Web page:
My dad sitting in the drivers seat of a Yellow Car at the end of the “J” line in Huntington Park.
One of my dad’s earliest, most exciting memories was taking the Los Angeles Railway Yellow Car (LARY, or LA Yellow Car) with his mother from their house on 53rd Street in South Central to downtown LA. There they’d eat at Clifton’s Cafeteria (home to the world’s longest continuously lit neon light). So when the LA Yellow Cars made their final run on Sunday, March 31st 1963, a 16-year old Jim Seal grabbed his Argus camera and took the following photos.
LA’s streetcarsclearly captured my dad’s imagination at an impressionable age. Now an independent transportation consultant for private rail and bus operators nationwide, hesays he was “enthralled by the architecture of LA’s narrow gauge streetcar network and extensive infrastructure”.
Whether you’re passionate about light rail or not, it’s hard to look at these photos and not curse the Great American Street Car Scandal that helped dismantle the most extensive interurban rail system in the world at the time. Many of these trains, made in the Los Angeles Railway’s own shops in south LA, ended up stacked on top of each other on Terminal Island, in the bottom of the Pacific Ocean, or – strangely enough – in Egypt and Chile. The Cairo Transport Authority bought over 133 Yellow Cars in 1965 and used them until 1984 while the Chile Mining Company bought 25 of the cars to be used for transporting miners.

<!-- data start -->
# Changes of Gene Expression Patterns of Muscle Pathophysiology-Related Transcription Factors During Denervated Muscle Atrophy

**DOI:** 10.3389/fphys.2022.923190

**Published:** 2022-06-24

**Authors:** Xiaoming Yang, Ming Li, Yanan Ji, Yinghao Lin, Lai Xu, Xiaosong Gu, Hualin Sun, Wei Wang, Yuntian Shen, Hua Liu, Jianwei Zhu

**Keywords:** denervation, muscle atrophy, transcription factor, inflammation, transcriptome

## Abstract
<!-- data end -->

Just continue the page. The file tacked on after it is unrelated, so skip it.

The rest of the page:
The “J” and the “R” lines at the west end of the “R” line at 3rd Street and Highland.
My grandma, Grace Seal, at the end-of-the-line loop in Huntington Park.
Grace, poking her head out of a Yellow Car.
Looking down Broadway in Downtown via the “P” line. Ending at Rimpua Ave, this was the most heavily traveled streetcar line in the system. Its high patronage helped all the other lines survive as long as they did.
This car ran as a “Special” charter on all routes for the last day of operation of MTA’s Yellow Car streetcar lines.
The Georgia Street car barn where all the streetcars were dispatched out of everyday. The LA Convention Center is now located here.
Broadway and 7th Street in Downtown. Side note: this Bank of America sign can be seen in the background in the 1950 Film Noir classic DOA.
The “J” Line ran from Jefferson Park to Huntington Park by way of Jefferson Boulevard, Central Avenue, Vernon Avenue, and Pacific Boulevard.
Vernon and Long Beach Avenue. These tracks were originally used for LA’s Red Car which was abandoned two years prior to this and then used by Union Pacific freight trains which still run today. These tracks run alongside today’s MTA Blue Line – the most heavily used light rail line in America.
Time traveling hipster?
Central Ave and Florence heading south to Manchester Ave on the “S” line. This line served Good Year Tire factory employees. The cars would line up at shift breaks for workers to use.
The tower in the background is what remained of the Richfield Tower. It was completely demolished 6-years later in 1969.
Nope, that’s not San Francisco, it’s LA in 1963.
After their final run, the Yellow Cars are being put into dead storage in the Vernon Yard never to operate again on LA’s streets.
You can see more of these photos of the LA Yellow Car here. Get in touch with the author @JeffOSeal. Read more from the Untapped Cities LA Spotlight.
The renovation at the famed Salmagundi Club was completed this month. We arrived just in time to witness the coming-home of their permanent collection and view the newly updated Main Gallery and new exhibits in every room.